Alabama Knows NCAA Vacated Those Wins, But…

What to do with Nick Saban? The man is as gifted a coach as he is a recruiter, stocking rosters with elite athletes and instilling in them a defensive discipline that can only come from an innate fear of their life and livelihood if they don’t listen to him. And hey: it works.

Nick Saban
(”This is where you all stop talking. I have armed guards to enforce this.”)

This probably isn’t mere coincidence, but he’s also one of the angriest men around - not just in college football, but on the face of the planet. It’s only too fitting that he coaches a team whose nickname is evocative of menstruation. He probably doesn’t have an office, but an underground lair. He kills, not for fun, but because he has to. And his next target? Why, the ruling body above him, the NCAA, of course.

According to the MOBILE PRESS-REGISTER, Alabama is, as can only be reasonably expected, appealing the NCAA’s decision to vacate Alabama’s wins from 2005-2007. Everything else about the sanction’s fine, mind you; they just want credit for winning:

 The University of Alabama announced Thursday that it will appeal the forced vacating of 21 football victories from 2005-07, part of the sanctions levied by the NCAA as a result of the textbook case.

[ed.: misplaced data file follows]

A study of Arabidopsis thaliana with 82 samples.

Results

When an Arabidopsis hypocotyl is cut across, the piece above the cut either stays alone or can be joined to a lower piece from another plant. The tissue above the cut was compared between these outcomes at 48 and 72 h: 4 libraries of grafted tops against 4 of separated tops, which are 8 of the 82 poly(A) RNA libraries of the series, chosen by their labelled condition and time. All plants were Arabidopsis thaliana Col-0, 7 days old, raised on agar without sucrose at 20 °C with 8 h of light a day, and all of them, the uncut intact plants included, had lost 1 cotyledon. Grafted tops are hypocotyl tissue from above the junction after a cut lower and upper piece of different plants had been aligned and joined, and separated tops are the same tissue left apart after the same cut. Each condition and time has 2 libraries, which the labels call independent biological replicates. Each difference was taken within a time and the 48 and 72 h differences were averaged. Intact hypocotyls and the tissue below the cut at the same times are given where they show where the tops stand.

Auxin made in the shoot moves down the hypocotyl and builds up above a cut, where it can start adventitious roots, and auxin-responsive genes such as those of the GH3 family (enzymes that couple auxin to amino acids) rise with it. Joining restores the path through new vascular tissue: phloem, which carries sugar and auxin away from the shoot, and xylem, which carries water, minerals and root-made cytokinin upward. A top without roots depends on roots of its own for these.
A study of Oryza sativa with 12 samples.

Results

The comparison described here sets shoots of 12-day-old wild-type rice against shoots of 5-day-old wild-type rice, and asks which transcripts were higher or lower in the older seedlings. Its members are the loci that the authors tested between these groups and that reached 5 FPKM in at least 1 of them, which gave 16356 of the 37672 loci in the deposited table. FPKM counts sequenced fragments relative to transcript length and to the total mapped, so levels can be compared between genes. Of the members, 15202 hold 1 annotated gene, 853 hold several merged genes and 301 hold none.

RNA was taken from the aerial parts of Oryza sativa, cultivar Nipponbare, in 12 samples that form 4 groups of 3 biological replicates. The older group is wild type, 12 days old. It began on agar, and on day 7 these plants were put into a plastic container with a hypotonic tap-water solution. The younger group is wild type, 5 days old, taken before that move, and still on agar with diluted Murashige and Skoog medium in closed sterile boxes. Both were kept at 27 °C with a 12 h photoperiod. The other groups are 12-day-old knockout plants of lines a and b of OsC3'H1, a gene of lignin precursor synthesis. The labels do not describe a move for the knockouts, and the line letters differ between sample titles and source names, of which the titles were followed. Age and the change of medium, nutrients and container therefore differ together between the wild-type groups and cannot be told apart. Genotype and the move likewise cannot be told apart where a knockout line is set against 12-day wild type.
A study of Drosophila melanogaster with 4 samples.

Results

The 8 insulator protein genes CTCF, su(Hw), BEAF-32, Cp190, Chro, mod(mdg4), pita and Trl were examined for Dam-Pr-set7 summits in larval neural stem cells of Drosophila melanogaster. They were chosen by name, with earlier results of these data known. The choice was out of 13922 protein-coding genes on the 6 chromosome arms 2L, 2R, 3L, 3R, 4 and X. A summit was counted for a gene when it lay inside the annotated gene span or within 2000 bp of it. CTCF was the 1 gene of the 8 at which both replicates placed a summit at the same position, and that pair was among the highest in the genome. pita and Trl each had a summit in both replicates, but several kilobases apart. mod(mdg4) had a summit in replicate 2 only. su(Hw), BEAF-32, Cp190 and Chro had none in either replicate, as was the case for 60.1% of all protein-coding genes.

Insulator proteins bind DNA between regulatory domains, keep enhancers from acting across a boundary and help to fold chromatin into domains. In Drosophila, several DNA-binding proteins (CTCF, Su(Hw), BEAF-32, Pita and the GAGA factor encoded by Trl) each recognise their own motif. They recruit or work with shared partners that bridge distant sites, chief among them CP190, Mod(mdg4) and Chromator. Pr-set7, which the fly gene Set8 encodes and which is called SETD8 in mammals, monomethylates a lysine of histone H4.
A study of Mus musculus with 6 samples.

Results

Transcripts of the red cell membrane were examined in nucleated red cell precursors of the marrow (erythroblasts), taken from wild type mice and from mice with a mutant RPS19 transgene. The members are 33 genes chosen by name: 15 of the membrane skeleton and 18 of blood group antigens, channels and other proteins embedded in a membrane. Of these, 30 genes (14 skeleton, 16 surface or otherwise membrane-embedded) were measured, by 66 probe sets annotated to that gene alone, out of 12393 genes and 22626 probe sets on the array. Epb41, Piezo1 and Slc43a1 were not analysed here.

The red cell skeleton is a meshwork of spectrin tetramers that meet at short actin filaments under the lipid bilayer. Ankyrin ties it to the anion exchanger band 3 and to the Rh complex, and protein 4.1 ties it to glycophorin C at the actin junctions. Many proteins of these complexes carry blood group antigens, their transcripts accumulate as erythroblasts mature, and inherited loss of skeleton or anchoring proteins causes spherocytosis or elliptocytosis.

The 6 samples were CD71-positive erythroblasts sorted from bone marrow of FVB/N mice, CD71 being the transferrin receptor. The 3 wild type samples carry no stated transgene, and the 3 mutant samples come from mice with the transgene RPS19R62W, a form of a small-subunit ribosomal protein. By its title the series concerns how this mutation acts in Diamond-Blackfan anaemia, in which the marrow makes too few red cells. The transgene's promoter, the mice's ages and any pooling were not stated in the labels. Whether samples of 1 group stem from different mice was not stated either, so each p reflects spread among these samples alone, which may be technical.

“The important thing, I feel, is that we are responsible to our former players who competed so hard to win those games and for our fans and alumni who have supported us,” Crimson Tide athletic director Mal Moore said last week. “We’re doing this appeal with every intention of winning.”

So Alabama escaped with a rather toothless penalty in this whole textbook fiasco; no postseason bans for having at least seven “intentional wrongdoers” on their roster, no scholarship penalties, just an acknowledgment that the wins weren’t really wins because the players were cheating the system. And now the Tide want that undone, too?

Then we only have one thing to say. Congratulations on your giant testicles, Moore, seriously. Those are huge and though we’re not ones to stare, that fleeting glimpse we got leads us to believe you have three or four of them. Now please put them away.

It should be noted that Saban himself hasn’t weighed in on the matter, though we imagine his statement would have been mostly some combination of the words “death,” “skull,” “blood,” “gunfire,” and “children.”